What is dementia?
Dementia is not an inevitable part of ageing. It is an umbrella term that can be caused by a number of diseases which, over time, damage the brain, typically leading to deterioration in both brain and bodily health. Dementia is life-shortening and, though there are limited pharmacological interventions, there is no cure.
The most common types of dementia are Alzheimer's disease, vascular dementia, mixed dementia, dementia with Lewy bodies and frontotemporal dementia.
Dementia affects an estimated 90,000 people in Scotland, an estimated 3,000 of whom are under 65. We know that approximately a third of people with dementia in Scotland are in residential care; and those residents make up about 65% at least of the overall care home population.
While clinical research continues in Scotland and globally to produce medicines to slow or modify symptoms of dementia, projected estimates show a 50% increase in the number of people with dementia over 65 over the next 20 years. Some estimates suggest 1 in 3 people born today will go on to develop dementia.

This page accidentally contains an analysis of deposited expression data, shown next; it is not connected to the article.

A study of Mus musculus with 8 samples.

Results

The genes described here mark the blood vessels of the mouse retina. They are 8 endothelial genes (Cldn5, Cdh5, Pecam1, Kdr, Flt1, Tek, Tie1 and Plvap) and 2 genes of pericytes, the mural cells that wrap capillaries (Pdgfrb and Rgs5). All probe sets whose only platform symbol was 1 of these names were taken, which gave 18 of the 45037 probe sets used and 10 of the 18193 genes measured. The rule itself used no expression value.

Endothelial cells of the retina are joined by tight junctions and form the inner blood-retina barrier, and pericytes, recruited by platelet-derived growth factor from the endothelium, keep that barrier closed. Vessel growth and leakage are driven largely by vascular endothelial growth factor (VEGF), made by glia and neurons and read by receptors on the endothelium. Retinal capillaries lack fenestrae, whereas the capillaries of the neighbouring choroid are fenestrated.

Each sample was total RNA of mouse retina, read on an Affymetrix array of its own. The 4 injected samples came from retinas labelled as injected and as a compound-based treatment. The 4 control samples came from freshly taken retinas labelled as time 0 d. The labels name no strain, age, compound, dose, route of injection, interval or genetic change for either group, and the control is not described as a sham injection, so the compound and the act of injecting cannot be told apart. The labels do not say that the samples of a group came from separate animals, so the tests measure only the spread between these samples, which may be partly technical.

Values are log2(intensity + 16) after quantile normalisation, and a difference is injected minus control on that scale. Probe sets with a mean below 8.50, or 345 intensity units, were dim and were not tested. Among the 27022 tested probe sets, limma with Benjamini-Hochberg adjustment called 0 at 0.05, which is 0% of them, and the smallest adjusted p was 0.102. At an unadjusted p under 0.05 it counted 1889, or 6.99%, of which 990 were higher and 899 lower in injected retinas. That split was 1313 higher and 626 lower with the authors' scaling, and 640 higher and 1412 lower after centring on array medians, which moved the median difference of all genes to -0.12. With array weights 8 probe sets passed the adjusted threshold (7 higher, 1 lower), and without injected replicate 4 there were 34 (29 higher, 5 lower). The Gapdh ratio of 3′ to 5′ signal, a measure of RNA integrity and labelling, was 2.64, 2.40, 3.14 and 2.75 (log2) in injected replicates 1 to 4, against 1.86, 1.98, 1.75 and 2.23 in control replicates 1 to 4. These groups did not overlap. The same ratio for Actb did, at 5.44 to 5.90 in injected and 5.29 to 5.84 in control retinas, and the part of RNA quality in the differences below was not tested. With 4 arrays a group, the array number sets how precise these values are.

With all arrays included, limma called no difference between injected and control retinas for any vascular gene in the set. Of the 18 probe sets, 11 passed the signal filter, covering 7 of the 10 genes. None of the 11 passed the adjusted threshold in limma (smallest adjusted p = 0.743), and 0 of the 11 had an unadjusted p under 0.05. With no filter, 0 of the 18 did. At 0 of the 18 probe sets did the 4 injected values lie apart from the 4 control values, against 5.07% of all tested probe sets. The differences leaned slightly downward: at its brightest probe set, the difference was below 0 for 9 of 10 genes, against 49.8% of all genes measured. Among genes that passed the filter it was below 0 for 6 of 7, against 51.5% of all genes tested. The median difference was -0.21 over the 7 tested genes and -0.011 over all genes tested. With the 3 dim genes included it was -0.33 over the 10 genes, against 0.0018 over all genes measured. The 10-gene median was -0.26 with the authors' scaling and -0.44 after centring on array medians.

Our New Dementia Strategy for Scotland: Everyone’s Story
In order to deliver on the ambitions of our dementia communities, jointly with COSLA, we worked with people with lived experience and wider partners to deliver a new Dementia Strategy for Scotland.
The Strategy sets out the difference we want to make, prioritising how we improve delivery and impact, with a focus on enhancing community supports. This includes:
- recognising dementia as a condition of the brain that affects the whole person, while upscaling efforts to address its mental health and wellbeing impact
- ensuring services and supports are dementia-inclusive and create environments which enable people with dementia to live their best possible life
- deliver equity of access to information, treatment, care and support for people living with dementia
- uphold a person's human rights throughout their dementia journey
- ensure people are supported by a skilled, knowledgeable and trauma-informed workforce
This is a 10 year vision for change and the strategy was developed in collaboration with people with lived experience and wider partners. It will be delivered through rolling programme of two-year delivery plans informed by key partners and lived experience voices. This first of these plans will be published in early 2024.